The one thing life has afforded me is the opportunity to meet, visit and make friends with strangers. That happened earlier this month at a craft fair in Clarinda, in the southwest corner of the state.
Debbie and I traveled there to sell our books at a popular craft fair that has been in business for 62-years.
Two older ladies stopped at our booth in the early afternoon and struck up a conversation. One of the ladies purchased Debbie’s first book, The Auctioneer, and was wanting to have it signed.
Debbie had stepped away from the table. As we waited, I mentioned that my mother-in-law was 80 and still worked at the bank.
“We are about that age, but we’ve been retired for a long time,” one of the ladies said as Debbie returned to the table.
I said something to them about wanting to visit the Ax Murder House in Villisca while in the area, but that we didn’t get there in time to do so.
One of the ladies pushed her mask down, rolled her eyes and said, “Don’t give them your money, it’s not haunted.”
They went on to say that they had grown up and went to school in Villisca and neither of them had heard about the ax murder as youngsters. Both said they attended a Halloween party while in school when they had no idea that an ax murder had taken place there.
“We noticed an ax over the door, but never gave it any thought,” one of the ladies said.
After high school, they traveled to Estes Park, Colo. to work for the summer. They were talking to someone they met the first night in Colorado and said they were from Villisca.
“That’s where the ax murder took place,” this person said.
“Ax murder, what ax murder?” they both asked. “We haven’t heard anything about an ax murder.”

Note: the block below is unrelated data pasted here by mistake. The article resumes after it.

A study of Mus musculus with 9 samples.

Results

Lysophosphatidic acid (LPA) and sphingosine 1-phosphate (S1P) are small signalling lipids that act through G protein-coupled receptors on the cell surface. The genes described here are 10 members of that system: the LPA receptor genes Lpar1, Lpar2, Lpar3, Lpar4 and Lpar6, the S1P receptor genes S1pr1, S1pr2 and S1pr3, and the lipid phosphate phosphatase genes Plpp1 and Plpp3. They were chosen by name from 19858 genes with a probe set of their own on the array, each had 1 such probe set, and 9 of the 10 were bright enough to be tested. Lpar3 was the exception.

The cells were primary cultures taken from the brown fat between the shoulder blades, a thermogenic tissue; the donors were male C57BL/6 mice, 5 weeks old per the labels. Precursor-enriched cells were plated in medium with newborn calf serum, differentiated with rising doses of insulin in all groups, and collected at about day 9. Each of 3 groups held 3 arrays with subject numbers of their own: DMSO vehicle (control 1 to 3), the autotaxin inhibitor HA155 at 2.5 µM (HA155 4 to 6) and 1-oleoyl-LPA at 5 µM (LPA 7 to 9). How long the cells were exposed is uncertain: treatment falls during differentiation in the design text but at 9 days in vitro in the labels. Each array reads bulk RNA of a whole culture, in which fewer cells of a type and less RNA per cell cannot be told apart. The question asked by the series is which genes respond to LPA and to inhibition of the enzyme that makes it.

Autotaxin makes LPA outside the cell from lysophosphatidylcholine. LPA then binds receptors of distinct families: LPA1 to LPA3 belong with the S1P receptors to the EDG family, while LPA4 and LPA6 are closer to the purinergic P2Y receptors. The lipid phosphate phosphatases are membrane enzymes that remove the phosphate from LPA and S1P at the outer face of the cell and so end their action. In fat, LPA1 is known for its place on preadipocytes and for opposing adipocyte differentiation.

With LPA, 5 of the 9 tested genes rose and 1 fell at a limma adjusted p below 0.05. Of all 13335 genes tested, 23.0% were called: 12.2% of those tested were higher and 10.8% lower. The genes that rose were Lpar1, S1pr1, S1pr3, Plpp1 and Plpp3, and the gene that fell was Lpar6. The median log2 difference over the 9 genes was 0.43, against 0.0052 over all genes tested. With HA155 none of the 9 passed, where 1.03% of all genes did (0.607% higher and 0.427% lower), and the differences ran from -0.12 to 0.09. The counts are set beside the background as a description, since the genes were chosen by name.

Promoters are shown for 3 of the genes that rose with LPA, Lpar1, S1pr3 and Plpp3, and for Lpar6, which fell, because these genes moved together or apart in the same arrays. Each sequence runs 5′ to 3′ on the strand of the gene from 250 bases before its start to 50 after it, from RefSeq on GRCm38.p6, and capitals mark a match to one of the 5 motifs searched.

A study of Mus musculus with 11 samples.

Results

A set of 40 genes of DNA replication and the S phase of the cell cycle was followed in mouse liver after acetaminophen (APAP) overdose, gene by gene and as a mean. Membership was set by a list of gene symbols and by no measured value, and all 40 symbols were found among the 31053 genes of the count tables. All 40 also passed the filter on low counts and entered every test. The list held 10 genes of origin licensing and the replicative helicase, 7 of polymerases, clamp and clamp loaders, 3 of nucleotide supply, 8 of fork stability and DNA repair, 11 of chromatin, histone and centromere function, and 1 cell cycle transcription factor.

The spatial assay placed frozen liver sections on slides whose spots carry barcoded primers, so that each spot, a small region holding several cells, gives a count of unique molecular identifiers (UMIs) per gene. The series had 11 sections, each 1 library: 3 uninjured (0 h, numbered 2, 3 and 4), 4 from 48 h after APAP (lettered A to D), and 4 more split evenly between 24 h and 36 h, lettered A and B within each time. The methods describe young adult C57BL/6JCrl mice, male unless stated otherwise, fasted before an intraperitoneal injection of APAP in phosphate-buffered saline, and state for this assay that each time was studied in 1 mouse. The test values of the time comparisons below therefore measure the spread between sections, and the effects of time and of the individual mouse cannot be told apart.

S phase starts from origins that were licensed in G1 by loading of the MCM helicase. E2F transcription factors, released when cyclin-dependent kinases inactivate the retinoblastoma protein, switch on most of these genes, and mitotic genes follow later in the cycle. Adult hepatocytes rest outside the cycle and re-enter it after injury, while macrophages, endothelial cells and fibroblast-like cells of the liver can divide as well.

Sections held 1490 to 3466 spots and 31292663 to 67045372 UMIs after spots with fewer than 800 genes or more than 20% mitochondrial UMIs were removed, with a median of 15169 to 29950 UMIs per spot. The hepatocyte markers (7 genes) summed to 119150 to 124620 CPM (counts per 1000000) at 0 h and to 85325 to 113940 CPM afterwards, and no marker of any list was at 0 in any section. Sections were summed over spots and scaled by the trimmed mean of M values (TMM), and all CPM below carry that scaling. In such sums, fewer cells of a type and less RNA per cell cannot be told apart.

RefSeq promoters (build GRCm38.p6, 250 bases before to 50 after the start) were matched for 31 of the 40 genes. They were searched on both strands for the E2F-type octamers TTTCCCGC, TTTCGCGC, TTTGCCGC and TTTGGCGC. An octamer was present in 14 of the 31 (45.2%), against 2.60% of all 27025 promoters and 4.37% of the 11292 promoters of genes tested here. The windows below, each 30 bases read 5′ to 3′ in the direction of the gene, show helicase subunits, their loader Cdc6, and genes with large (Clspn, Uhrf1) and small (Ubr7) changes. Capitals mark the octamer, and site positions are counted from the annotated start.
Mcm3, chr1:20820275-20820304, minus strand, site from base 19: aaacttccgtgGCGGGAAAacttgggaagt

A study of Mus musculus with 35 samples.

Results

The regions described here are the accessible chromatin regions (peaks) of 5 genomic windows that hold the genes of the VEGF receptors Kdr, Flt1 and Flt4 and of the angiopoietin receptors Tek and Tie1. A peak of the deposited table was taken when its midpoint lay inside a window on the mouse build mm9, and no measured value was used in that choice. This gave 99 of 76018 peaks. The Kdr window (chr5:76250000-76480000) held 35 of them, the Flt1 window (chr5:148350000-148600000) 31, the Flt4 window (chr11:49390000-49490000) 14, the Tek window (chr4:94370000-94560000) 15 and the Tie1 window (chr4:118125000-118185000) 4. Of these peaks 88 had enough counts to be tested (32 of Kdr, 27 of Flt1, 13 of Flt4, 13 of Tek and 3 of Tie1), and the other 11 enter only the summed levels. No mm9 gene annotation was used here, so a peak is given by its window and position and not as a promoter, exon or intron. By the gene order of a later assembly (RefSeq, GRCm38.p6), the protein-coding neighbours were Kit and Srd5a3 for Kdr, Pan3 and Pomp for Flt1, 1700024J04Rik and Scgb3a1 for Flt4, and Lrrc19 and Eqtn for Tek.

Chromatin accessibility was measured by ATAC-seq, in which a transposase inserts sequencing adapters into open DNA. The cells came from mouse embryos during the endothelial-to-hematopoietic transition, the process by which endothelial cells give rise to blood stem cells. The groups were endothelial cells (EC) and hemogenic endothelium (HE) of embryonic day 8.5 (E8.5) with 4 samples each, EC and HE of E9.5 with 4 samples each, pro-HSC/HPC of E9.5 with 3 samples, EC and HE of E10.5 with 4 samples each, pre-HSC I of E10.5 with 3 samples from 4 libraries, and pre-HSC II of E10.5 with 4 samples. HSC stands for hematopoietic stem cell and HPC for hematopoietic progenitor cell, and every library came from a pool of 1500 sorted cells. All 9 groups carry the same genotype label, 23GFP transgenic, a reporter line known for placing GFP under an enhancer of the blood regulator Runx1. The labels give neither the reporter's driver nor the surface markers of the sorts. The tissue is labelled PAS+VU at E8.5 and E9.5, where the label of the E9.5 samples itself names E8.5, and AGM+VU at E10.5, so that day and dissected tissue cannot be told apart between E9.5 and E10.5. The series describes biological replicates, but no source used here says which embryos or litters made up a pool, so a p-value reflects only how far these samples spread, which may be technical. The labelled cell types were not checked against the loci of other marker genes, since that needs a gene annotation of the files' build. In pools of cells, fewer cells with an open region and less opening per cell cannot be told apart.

They called their mothers back home and asked about the murders.
One of the mothers said, “Yes, there had been an ax murder in 1912. Relatives still lived in town (at the time) and it was a sensitive topic and we just didn’t talk about it.”
Their mothers told them all about the murders and what had happened.
They were having a good talking about the ax murder house. It was no big deal to them. We had to chuckle at it all.
Anyway, we stopped in Villisca on the return trip home. I noticed two cars filled with ladies parked by the house. They emptied out of the vehicles and headed into a barn-like building behind the ax murder house. Debbie and I figured they were spending the night in the house, one of the offerings available to visitors.
Maybe we can tour the house the next time we are in Villisca. I don’t know if Debbie will tour the house, but I will.
If you want to learn more about the ax murder house, visit http://www.villiscaiowa.com.
We enjoyed our time in the area. The craft show, which is located in five buildings across Clarinda, was great. We had a steady stream of customers all day. Many stopped to check out our books and some, like the ladies, stayed and visited a spell.
We spent Friday night in Shenandoah, home of the Everly Brothers, and enjoyed supper in an old train depot turned restaurant. They had good food, good prices and good service.
We are looking forward to having a booth at the 2022 show and maybe while in the area, I can visit the ax murder house and get there early enough to look around the area more.
Have a great week and always remember that “Good Things are Happening,” every day and always.